French President Emmanuel Macron announced the cancellation of Sudan’s $5 billion debt to France in an effort to support the country’s transitional leadership and help its crippled economy recovering, at a Paris conference gathering African leaders and international creditors.
Macron hosted the event on Monday for General Abdel-Fattah Burhan, head of Sudan’s ruling sovereign council, and Prime Minister Abdalla Hamdok.
The heads of state of neighboring Egypt and Ethiopia were notably attending, as well as the International Monetary Fund Managing Director Kristalina Georgieva and African Union Commission Chairman Moussa Faki Mahamat.
The conference aimed at marking Sudan’s reintegration into the international community after three decades of isolation.
A popular uprising in the African nation led to the military’s overthrow of longtime autocrat Omar al-Bashir in 2019.
“We are in favor of entirely canceling Sudan’s debt (towards France),” Macron said in a news conference. “We are expecting from other participants… to make a similar effort, which is the needed effort to free Sudan from the debt burden.”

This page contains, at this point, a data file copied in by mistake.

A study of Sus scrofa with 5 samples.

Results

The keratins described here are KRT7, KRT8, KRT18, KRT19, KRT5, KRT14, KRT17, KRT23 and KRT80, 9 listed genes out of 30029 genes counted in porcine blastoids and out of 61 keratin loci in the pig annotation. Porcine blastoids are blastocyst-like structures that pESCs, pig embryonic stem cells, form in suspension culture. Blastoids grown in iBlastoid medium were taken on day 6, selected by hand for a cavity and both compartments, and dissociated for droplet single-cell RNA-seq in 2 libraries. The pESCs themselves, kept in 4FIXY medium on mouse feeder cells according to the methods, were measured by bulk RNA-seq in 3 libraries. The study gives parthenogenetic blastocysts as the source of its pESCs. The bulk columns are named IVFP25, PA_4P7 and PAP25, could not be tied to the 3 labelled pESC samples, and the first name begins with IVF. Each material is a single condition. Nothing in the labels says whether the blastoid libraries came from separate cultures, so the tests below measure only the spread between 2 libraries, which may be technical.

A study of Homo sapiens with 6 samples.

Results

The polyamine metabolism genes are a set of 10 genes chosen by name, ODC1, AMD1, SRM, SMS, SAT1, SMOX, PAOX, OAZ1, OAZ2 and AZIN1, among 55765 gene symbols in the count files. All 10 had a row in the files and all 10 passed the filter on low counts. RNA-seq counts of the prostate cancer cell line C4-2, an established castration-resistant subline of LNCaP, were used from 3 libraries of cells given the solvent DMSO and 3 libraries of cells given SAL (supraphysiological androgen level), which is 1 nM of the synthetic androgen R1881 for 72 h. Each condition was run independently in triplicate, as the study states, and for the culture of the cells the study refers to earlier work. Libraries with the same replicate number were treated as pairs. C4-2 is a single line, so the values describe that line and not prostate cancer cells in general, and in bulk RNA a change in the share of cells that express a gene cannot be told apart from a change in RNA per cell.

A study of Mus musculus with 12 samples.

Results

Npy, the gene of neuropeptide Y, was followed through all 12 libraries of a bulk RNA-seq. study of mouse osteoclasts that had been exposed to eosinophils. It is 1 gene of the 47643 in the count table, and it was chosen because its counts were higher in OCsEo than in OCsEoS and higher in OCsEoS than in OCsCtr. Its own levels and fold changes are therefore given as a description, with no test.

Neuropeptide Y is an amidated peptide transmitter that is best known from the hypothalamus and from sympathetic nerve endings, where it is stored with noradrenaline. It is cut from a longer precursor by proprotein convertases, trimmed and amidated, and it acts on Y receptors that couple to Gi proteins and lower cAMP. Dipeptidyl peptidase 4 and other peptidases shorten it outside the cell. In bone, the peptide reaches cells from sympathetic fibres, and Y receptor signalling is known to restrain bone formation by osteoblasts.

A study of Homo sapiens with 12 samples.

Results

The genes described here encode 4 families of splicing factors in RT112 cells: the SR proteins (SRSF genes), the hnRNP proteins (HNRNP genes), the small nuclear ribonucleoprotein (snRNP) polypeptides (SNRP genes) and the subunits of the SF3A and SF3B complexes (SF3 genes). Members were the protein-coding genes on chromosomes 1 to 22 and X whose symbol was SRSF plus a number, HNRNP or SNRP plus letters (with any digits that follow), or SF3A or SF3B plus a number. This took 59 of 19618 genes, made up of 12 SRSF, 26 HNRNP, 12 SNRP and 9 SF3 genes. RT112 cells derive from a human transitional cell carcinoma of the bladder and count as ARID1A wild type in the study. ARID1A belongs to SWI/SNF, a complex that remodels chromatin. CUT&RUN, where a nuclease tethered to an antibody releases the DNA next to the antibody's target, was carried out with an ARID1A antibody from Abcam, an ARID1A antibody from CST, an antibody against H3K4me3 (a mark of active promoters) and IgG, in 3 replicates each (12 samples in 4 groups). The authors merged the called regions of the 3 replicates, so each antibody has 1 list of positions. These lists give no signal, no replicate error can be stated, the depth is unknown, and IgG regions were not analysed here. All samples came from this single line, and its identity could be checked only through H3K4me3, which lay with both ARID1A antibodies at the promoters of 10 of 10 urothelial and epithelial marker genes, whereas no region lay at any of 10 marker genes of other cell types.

Macron said a global process of reduction of Sudan’s debt should be formally launched by the IMF by the end of June.
France will also provide a $1.5 billion loan to clear Sudan’s arrears to the IMF, he added.
Sudan’s transitional government has taken a set of measures in recent months to transform the country’s economy.
That measures included a managed flotation of the Sudanese pound in an unprecedented step that led to hikes in the price of fuel and other essential goods.
The flotation was a key demand by the IMF, with which Sudan is expected to end in September a 12-month program to win relief on its foreign debt, which is at $70 billion.
Hamdok also commented after Sudan’s military handed over around 100 suspects to prosecutors to investigate their involvement in the killing of two protesters during a rally in Khartoum last week.
Demonstrators had gathered outside the military’s headquarters demanding justice for the dozens killed in a crackdown on protesters during and after a popular uprising that led to the military’s overthrow of longtime autocrat Omar al-Bashir in 2019.